What is exonumia anyway? It sounds like some kind of strange skin disease. Nothing could be further from the truth! While numismatics is the study of coins, few coin collectors may be familiar with the term exonumia. I won’t keep you guessing any longer, exonumia is simply the study of coin-like objects.
These coin-like items take many forms such as elongated coins, encased coins, souvenir medallions, tags, badges, counter stamped coins, wooden nickels, merchant tokens, casino chips, etc. Exonumia is related to numismatics, and many avid coin collectors become exonumists.
The noun exonuma is derived from two classical roots: exo, meaning “out-of: in Greek, and nummus, meaning “coin” in Latin; hence, “out-side-of-coins.” In the United States, the term exonumia is applied to any coin-like item. The British term is “paranumismatica.”
Items such as bus tokens or other types of transportation tokens, bar or pub tokens, soap tokens, and casino tokens or chips are some of the more common forms of exonuma.
It is an interesting fact that less is known about many U.S. tokens than about most ancient and medieval coins. It is often possible to date coins minted 1,000, even 2,000 years ago much more closely than many common tokens. It is this lack of readily available knowledge on these types of tokens that attracts many coin collectors to exonumia collecting.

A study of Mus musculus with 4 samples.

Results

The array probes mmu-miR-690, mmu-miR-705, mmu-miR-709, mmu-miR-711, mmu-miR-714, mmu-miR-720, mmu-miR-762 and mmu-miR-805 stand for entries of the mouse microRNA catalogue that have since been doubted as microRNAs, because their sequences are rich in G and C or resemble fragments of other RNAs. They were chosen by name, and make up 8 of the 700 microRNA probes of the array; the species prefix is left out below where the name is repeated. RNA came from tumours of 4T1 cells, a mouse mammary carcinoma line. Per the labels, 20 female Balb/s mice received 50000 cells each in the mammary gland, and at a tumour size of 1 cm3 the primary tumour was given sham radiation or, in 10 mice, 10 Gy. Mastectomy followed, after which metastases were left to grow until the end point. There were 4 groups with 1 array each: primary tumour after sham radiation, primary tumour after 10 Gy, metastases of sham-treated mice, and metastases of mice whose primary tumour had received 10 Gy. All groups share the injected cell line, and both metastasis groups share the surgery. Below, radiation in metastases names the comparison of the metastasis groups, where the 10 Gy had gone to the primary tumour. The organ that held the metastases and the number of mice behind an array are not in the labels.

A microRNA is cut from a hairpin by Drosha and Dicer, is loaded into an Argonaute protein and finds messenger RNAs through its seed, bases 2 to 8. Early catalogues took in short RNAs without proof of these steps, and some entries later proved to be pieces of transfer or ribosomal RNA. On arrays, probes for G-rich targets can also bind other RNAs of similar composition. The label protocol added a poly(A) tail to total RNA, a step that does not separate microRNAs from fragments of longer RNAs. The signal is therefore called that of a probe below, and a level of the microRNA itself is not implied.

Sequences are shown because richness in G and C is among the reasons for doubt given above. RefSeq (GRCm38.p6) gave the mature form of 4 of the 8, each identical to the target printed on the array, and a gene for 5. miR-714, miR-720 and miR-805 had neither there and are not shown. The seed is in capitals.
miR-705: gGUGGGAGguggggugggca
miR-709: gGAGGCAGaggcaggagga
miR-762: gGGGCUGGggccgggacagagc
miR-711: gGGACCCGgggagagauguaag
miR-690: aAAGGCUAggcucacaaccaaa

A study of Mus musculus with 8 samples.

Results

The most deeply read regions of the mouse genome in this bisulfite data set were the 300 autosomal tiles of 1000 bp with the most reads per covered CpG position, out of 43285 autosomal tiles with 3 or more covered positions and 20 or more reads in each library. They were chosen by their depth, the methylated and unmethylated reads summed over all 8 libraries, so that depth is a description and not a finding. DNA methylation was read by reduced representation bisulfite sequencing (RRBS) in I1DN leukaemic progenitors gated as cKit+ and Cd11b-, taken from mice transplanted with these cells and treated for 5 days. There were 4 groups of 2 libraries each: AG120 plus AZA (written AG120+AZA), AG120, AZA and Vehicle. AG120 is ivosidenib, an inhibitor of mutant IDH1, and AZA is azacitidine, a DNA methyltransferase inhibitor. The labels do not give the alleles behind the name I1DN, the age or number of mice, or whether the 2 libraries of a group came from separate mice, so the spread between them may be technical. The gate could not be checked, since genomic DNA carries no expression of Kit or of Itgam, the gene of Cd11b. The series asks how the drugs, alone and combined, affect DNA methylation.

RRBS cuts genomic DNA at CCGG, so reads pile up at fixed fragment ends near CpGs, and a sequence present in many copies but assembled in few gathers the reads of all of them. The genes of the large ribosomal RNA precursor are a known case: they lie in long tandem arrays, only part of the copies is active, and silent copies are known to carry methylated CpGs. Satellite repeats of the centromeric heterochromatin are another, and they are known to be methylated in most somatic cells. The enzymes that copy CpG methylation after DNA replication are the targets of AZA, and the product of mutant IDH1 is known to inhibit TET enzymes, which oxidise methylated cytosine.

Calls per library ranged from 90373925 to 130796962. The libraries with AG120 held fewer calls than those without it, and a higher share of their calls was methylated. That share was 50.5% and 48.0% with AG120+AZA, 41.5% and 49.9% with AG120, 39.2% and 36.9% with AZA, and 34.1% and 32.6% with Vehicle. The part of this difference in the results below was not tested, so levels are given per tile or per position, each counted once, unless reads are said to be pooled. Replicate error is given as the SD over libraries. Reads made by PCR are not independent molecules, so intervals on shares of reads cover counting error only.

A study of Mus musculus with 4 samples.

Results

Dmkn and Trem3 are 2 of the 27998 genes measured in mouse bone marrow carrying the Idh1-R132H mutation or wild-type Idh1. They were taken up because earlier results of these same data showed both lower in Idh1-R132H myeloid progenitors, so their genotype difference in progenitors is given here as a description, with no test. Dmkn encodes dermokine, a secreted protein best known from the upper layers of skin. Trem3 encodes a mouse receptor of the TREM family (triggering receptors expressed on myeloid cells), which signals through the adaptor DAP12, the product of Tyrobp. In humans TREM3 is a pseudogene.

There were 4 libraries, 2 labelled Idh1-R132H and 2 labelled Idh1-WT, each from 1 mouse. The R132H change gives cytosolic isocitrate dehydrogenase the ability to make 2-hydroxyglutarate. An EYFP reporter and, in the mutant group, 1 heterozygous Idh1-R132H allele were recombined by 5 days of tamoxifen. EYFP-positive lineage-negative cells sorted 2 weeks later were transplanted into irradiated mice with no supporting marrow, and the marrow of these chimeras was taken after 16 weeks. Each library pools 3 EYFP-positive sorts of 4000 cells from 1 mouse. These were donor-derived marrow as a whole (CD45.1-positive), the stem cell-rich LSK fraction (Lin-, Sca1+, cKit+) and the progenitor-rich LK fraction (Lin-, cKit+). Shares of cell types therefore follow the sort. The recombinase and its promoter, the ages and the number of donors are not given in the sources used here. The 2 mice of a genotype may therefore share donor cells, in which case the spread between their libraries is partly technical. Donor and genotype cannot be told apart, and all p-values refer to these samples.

Token tracing is almost a hobby in and of itself. Many sources must be used to trace down the origins and history of a given token. Old city directories are the first thing to be consulted. Just reading them is practically an education in itself. Here you can learn how people lived at that time, what businesses they patronized, where they lived, what their occupations were, perhaps even how fast or slow the town or city grew.
While city directories are useful for 19th century tokens; for more modern tokens, Duns, Bradstreet’s, and Dun & Bradstreet books are invaluable. Most businesses are covered in these books, and with their frequent publication it is often possible determine the date of issue of many tokens.
Telephone directories are another useful resource for more modern tokens. Genealogical sources such as census records are useful for tokens issued up to around 1880. Sometimes it is possible to contact the descendants of the original issuers.
If this can be done, this often yields the best information about the token such as pictures of the store, exact names and the purpose of the token’s issue, etc. Even visiting the locality where the token was issued and making some inquiries can often turn up useful information.
I will be covering the various types of exonumia in future articles. So stay tuned, subscribe to my newsletter, and keep up to date on future articles on coin collecting.